CAPE CANAVERAL, Fla. — The SpaceX Crew Dragon has been recovered following a successful splashdown, the first of its kind on Florida's Atlantic Coast in 50 years.
- SpaceX Crew Dragon undocked from ISS at 2:32 a.m. ET Friday
- The splashdown happened at 8:45 a.m. ET Friday, as expected
- Previous splashdown off Florida coast was Apollo 9 in 1969
- WATCH LIVE:
The capsule spent a week at the International Space Station and came back home to Earth on Friday morning, coming down in the Atlantic Ocean, some 230 miles off Florida's East Coast.
A SpaceX boat recovered Crew Dragon within an hour of splashdown, and it should return to Port Canaveral sometime Saturday.
The #CrewDragon completed its Demo-1 flight test this morning. The spacecraft successfully splashed down in the Atlantic Ocean at 8:45 a.m. ET. It has been lifted out of the ocean and is now securely seated in @SpaceX's cradle aboard the Go Searcher Recovery ship. pic.twitter.com/w8nuZZBd1Q— NASA Commercial Crew (@Commercial_Crew) March 8, 2019
The Crew Dragon launched from Kennedy Space Center on Saturday, and it had a perfect docking at the International Space Station on Sunday. The hatch closing went well Thursday, and the undocking was smooth sailing at 2:32 a.m. ET Friday.
Departure Confirmed! At 2:32am ET, @SpaceX's #CrewDragon spacecraft undocked from the @Space_Station. The spacecraft is slowly maneuvering away from our orbital laboratory into an orbital track that will return it and its cargo safely to Earth. Watch: https://t.co/ZuxLDtzW9c pic.twitter.com/LjSzWjyBOY— NASA (@NASA) March 8, 2019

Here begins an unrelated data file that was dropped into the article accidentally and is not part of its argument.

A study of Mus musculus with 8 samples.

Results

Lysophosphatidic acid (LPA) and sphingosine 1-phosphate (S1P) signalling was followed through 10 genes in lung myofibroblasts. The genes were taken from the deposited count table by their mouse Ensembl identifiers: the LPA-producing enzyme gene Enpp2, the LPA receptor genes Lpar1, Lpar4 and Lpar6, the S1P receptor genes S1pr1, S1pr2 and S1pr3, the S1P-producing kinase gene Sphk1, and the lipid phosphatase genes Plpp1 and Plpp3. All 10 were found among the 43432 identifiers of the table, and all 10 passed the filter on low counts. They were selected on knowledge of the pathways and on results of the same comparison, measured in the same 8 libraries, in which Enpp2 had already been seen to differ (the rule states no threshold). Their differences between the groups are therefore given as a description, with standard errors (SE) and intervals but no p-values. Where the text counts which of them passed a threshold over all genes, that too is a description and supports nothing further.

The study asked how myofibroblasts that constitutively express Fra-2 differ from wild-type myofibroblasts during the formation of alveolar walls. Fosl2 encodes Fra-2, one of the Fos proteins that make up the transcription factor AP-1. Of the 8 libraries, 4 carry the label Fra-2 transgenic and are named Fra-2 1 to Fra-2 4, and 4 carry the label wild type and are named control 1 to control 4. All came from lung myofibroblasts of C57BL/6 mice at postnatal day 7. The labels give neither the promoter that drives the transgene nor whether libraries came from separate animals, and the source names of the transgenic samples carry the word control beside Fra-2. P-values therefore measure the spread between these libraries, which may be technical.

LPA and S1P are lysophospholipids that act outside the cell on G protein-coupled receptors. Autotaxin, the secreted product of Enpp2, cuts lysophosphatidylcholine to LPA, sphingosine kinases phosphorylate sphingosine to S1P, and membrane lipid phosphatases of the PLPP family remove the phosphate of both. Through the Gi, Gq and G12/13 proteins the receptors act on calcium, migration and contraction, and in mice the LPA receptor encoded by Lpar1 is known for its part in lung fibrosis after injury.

With fair winds, and calm seas, Crew Dragon used its four parachutes to splash down in the Atlantic Ocean at 8:45 a.m. Friday.
"I can't believe how well the whole mission has gone. Pretty much on every point it's been nailed," said SpaceX Director of Commercial Crew Mission Management Benji Reed.
Before SpaceX can put humans on board Crew Dragon, it had to prove to NASA that it could safely send the spacecraft to the International Space Station and back down to Earth.
Along for the whole ride was a dummy named Ripley.
"I'm personally very anxious to see how Ripley is feeling after they pull her out of the capsule and onto the recovery vehicle," commented NASA astronaut Mike Hopkins.
Equipped with sensors, Ripley will give NASA astronauts an idea of what to expect when they eventually launch on Crew Dragon.
A recovery boat picked up the spacecraft and now it is on its way to Port Canaveral. It will will be used in one more emergency test — set for this June — to determine if the spacecraft can handle an in-flight abort after launching on a rocket.
After that, NASA could give the go ahead to launching astronauts from Florida's Space Coast once again.
"I don't think we saw really anything in the mission so far, and we've got to do the data reviews. That would preclude us from having the crewed mission later this year," commented Stich.
So later this year we could see the first human launch from Florida since the retirement of the space shuttle eight years ago.
This was an important splashdown and a memorable one as well. Not since Apollo 9 on March 13, 1969 had we seen a spacecraft splash down in the Atlantic Ocean following a mission to space. Most of NASA's missions, and all of SpaceX's Cargo Dragon missions, have splashed down in the Pacific Ocean.
NASA had avoided the Atlantic Ocean because of trajectory of the spacecraft takes it over populated areas. But SpaceX and NASA ran several test models and simulators to make sure Crew Dragon landed at sea.
After its arrival back at port, NASA and SpaceX will review data. The same Crew Dragon capsule will next be used for an in-flight abort test. That will have the capsule launch on a Falcon 9, and then moments after launch, a planned abort will happen to see how the spacecraft can use its thrusters to safely decouple from the rocket.
Then, if that test is successful, Demonstration Flight 2 is set for July, for which NASA astronauts Bob Behnken and Doug Hurley have been training for a historic manned mission.